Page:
Diaspora demands apology for calling Hindus 'terrorists' in a GCSE religious studies workbook

Tuesday 13th October 2020 12:06 EDT

Indian diaspora in the UK has raised concerns against a GCSE religious studies workbook which called Hindus ‘terrorists’ trying to protect their beliefs. The publisher withdrew the book titled ‘GCSE Religious Studies: Religion, Peace and Conflict’, bearing AQA logo, from the curriculum section of Langley School, in Solihull, West Midlands. The book, which was downloadable from the school’s website, was removed after widespread outrage from the community, especially on twitter, when British Indians Voice first tweeted about it. 

On Page 4 of the now withdrawn book it stated, "Holy books teach that it is necessary to be able to morally justify war in order to preserve dharma. Arjuna, as a Kshatriya, is reminded of his duty to uphold a righteous cause and that in fact there is nothing better than a righteous war.”

"If the cause is just, Hindus will take up arms. Self-defence is justifiable; hence India has nuclear weapons to protect from aggressors. Some Hindus have turned to terrorism to protect Hindu beliefs.”

"The Arthashastra scriptures state that governments must act with a suitable moral approach, which implies a just one."

Dr Ramesh Pattni OBE, Chair of religious Education and Trupti Patel, President of Hindu Forum of Britain have written to the AQA Board, saying, “The Hindu Forum of Britain (HFB) is extremely disappointed and exasperated about the content of this workbook regarding Hinduism. The statement regarding Hinduism in the section on ‘Religious beliefs, teachings and attitudes about the meaning and significance of justice’ on page 4 is completely misrepresented, vexatious, inaccurate and meant to teach wrong beliefs about Hindus to impressionable children.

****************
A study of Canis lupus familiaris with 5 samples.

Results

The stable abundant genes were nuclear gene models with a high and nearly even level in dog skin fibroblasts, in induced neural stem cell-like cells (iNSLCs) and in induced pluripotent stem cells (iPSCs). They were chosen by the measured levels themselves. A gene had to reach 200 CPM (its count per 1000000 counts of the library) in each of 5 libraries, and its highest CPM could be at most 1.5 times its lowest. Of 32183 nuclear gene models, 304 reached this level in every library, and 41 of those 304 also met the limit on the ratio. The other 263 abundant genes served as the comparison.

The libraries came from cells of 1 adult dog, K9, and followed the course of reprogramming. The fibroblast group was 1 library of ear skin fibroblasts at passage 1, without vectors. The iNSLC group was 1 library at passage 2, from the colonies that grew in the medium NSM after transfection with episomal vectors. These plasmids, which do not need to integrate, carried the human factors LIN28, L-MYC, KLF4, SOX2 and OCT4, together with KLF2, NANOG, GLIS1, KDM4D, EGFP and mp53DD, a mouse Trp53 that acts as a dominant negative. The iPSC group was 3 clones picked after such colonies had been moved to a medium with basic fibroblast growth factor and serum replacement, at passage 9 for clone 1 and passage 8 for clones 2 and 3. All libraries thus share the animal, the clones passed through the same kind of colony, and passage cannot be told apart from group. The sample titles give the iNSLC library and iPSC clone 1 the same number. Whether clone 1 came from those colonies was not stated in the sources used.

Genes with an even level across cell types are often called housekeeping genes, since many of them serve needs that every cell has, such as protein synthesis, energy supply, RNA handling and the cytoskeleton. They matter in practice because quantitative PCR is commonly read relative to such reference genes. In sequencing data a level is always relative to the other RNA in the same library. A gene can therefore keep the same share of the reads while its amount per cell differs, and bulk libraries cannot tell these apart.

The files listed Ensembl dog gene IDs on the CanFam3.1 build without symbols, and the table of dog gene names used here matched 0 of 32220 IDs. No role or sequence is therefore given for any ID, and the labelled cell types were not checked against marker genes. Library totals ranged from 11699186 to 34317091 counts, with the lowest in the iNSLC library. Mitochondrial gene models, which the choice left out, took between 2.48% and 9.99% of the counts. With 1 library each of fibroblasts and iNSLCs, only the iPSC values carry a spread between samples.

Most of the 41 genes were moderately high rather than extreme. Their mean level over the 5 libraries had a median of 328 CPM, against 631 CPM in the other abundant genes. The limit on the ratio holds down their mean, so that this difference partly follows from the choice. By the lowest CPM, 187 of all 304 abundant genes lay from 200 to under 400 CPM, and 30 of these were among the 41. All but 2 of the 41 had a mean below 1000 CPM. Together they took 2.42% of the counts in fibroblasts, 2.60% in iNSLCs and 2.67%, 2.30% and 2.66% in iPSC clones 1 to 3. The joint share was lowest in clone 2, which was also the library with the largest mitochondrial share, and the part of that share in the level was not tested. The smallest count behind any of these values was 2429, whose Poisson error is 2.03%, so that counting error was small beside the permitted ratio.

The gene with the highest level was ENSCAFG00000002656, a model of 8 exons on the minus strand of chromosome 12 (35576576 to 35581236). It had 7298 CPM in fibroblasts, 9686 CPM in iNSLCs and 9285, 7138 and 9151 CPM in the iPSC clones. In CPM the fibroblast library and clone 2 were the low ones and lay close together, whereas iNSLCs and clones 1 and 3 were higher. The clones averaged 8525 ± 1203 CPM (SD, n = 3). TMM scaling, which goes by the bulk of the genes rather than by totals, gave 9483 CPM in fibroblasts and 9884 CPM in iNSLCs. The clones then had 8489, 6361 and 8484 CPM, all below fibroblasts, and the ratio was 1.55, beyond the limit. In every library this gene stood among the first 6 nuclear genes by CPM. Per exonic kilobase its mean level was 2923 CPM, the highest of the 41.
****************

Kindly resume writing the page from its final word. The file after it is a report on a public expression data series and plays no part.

The statement that Hindus have turned to terrorism is completely and falsely put in the context of this section and there is no rationale that links this to any aspect of Hindu philosophy. It shows a superficial understanding of the matter and even the interpretation about the Arjuna is totally misinterpreted in the context of dharma and war. This is a specific instance of the dharma of a kshatriya as the warrior and the argument definitely does not extend to lawlessness in the community using dharma as the basis. 

“You have completely misrepresented the meaning of dharma and linked it to what you describe as terrorism. In fact, dharma works exactly in the opposite direction of the greater good for the society when understood and interpreted properly. 

“We suspect that there may a political agenda behind how Hindu beliefs and practices have been portrayed in your workbook, especially in relation to another religion. It’s clear that not having a Hindu scholar on board, you have relied on hearsay and not facts. We believe that whoever wrote on Hinduism is ignorant and would suggest you refer any matters on Hinduism to us.

“We demand that you immediately remove the reference to terrorism in this section and if there is no action taken, we will have no choice but to take necessary measures to have it removed. We require a prompt response from you in this matter.”

AQA in a statement said, “We can confirm that we didn’t produce this workbook and our logo was used on it without permission. Some of the material seems to have come from a textbook- we have spoken to the publisher, which has withdrawn the book from sale, while it addresses the issue.

In a statement Langley school said, “Unfortunately this document was purchased externally several years ago and not produced by our staff at our school. We can assure you that it is not used in school...We apologise for any offence caused.”